What began as a request for a list of the members chosen to serve on the subcommittee to select Woonsocket's new superintendent, has led to a lesson in open government for the Woonsocket Education Department.
At Wednesday night's School Committee meeting, Attorney Richard Ackerman delivered the opinion of the State Attorney General's office regarding whether or not subcommittees are subject to the Open Meetings Act. His brief presentation of the much-debated verdict brought laughter from the audience of parents and educators.
"They are." Ackerman said.
The opinion was given as an answer to a conflict which first began in June when committee members Vimala Phongsavanh and Anita McGuire-Forcier questioned the process for hiring an interim superintendent to replace Dr. Robert Gerardi, who left Woonsocket for a position in Maynard, MA.
As members of the subcommittee that handles matters related to personnel, committee members Eleanor Nadeau and Linda Majewki facilitated the process which resulted in the recommendation of Susan Lusi as Gerardi's short-term replacement. At the June 8 meeting of the committee, Phongsavanh pointed out that she was expected to vote on Lusi's hire, but she had yet to see the candidate's resume.
McGuire-Forcier, meanwhile, went to the McFee Administration building, and researched all of the candidates independently, a procedure which Nadeau alleged was "highly improper."
"Information needs to be shared," said McGuire-Forcier of the initial process. "Subcommittees are open to the public."
Though Lusi ultimately turned down the position for a longer interim spot in Providence, the incident spawned a debate regarding the laws governing subcommittees that was to last for more than three months.
Phongsavanh and McGuire-Forcier voted against , who ultimately ended up serving the district over the summer, Dr. Collette Trailor, questioning the need for selecting a high-paid interim ($538 a day,) over a temporary increase of the duties of the Director of Instruction and Administration, Marc Garceau.
The conflict in the department only escalated throughout the search for a permanent replacement. As Majewski and Nadeau chose education leaders and members of the public to serve on a "search subcommittee" slated to interview potential hires, Phongsavanh alleged that the group was being hand-picked and pointed out that the without committee approval.
Her requests for the list of search subcommittee members in early July did not produce immediate results. At the July 13 School Committee meeting, Nadeau and Majewski stated that the list of search committee members would be made public once it was finalized. But on July 22, when , Phongsavanh had still not received the document.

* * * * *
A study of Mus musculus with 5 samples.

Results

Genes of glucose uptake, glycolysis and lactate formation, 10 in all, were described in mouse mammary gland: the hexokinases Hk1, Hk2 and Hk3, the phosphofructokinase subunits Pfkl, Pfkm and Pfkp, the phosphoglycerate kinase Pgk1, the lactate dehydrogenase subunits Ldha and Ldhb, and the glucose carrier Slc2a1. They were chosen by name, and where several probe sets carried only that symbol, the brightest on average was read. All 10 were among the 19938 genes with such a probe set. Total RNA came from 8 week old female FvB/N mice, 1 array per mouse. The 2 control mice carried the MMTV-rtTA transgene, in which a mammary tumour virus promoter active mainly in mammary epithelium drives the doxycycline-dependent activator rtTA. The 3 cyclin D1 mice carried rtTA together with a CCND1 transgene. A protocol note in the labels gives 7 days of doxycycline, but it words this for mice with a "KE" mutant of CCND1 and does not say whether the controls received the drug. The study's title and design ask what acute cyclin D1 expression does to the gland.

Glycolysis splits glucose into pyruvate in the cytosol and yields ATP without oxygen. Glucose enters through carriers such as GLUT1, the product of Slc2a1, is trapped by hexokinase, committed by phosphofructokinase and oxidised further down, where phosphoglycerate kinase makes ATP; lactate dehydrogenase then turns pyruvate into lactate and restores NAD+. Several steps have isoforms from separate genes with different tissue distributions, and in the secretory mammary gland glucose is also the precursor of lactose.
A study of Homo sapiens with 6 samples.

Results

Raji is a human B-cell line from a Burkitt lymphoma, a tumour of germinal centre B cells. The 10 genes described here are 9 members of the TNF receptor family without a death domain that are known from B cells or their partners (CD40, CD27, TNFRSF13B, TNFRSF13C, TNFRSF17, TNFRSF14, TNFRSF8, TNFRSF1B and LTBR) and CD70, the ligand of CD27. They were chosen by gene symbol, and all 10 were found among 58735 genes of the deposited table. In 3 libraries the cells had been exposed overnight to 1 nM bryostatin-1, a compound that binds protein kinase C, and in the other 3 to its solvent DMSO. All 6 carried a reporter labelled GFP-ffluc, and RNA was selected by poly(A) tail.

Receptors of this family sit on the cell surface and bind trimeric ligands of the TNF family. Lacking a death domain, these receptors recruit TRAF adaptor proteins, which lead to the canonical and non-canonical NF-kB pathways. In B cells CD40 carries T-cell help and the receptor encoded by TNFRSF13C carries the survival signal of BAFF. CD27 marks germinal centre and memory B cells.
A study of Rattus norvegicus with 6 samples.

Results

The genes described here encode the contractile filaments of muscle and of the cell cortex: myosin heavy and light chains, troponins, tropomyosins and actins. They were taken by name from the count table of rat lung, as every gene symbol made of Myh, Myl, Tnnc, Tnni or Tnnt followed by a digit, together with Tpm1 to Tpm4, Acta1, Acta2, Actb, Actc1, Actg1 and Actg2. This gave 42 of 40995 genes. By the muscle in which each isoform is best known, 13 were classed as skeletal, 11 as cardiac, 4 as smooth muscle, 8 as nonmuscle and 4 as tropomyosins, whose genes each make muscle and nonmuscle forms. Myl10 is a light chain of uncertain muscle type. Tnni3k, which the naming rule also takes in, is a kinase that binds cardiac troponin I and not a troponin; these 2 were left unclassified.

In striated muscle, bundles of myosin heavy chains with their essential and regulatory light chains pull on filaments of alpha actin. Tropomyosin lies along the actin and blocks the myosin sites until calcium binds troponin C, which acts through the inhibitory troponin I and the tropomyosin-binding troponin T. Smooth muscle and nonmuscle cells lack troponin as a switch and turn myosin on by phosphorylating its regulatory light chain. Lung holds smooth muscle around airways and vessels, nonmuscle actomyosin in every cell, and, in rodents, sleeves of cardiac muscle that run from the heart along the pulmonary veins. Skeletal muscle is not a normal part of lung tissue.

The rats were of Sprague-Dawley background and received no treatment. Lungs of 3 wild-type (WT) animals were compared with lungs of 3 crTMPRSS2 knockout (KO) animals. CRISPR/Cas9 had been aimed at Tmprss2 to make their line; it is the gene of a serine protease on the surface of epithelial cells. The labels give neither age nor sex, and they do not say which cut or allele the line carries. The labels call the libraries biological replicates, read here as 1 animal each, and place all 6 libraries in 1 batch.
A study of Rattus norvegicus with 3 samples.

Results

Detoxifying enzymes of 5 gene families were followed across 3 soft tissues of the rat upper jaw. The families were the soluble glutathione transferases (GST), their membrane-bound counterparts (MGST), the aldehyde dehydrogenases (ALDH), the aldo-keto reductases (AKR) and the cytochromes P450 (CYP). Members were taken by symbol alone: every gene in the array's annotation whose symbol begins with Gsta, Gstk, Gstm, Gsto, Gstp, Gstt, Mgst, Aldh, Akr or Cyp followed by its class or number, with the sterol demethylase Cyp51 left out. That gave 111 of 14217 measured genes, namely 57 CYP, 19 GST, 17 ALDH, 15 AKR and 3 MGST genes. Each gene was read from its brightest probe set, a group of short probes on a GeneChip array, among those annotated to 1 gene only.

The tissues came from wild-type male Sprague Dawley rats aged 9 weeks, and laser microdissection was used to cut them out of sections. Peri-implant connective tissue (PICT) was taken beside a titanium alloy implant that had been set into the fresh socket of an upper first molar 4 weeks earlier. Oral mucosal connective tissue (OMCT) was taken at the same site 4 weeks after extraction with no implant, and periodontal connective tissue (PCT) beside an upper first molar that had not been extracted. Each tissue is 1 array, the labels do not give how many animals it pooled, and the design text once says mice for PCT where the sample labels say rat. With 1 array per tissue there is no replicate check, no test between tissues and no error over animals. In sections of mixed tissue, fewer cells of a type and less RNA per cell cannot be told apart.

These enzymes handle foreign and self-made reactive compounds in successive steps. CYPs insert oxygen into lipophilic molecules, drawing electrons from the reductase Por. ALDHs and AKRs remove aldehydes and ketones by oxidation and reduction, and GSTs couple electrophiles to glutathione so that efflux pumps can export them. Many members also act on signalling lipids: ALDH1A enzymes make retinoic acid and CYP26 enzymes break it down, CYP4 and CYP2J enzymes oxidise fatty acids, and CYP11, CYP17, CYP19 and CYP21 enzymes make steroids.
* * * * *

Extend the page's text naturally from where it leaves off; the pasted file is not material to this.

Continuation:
The incident prompted to the committee regarding the Open Meetings Act (OMA.) OMA is a chapter of the Rhode Island General Laws designed to ensure that government actions are conducted in an open manner to allow public participation in government. When Phongsavanh finally received the list of search subcommittee members in an email labeled "confidential," to the media.
Committee Chairman Marc Dubois initially stated that he did not believe OMA, which requires that all meeting agendas of government bodies be made public and that the minutes of all meetings be kept, applied to the search subcommittee. Nadeau said a desire for privacy among 16 members of the committee was her reason for expecting confidentiality.
The debate continued even after as Woonsocket's new superintendent. During a School Committee meeting on Aug. 24, Alex Kithes, a member of the search subcommittee that had chosen Donoyan, presented his findings regarding the common processes of subcommittees across the state.
Of the 23 districts he was able to contact, "Only two of them, less than 9% have conducted their superintendent search entirely in open session," Kithes told the committee. 65% had conducted all of their meetings in closed session. "While the actions of other committees do not necessarily constitute law, I'd be hard pressed to argue that our superintendent search process was in any way inappropriate or illegal, at least in the State of Rhode Island."
With the Attorney General's opinion finally given Wednesday night, Phongsavanh used the opportunity to deliver a presentation on open government and recommend that the department limit the use of subcommittees. Woonsocket currently has 19 subcommittees addressing everything from school uniforms to technology, a system Phongsavanh described as inefficient.
The committeewoman delivered a map for open government in education Wednesday night including the "who, what and how" to implement it. Her recommendations included a reorganization of subcommittees and the development of a policy for how subcommittees operate. A pdf of her presentation is attached above.
"We need to have a uniform policy for how subcommittees work," Phongsavanh said. "There aren't rules, so we can follow them, and then future school committees can follow them."
Editor's note: In the fourth to last paragraph, the word "highly," has been changed to "hard," to properly reflect the comments of Alex Kithes.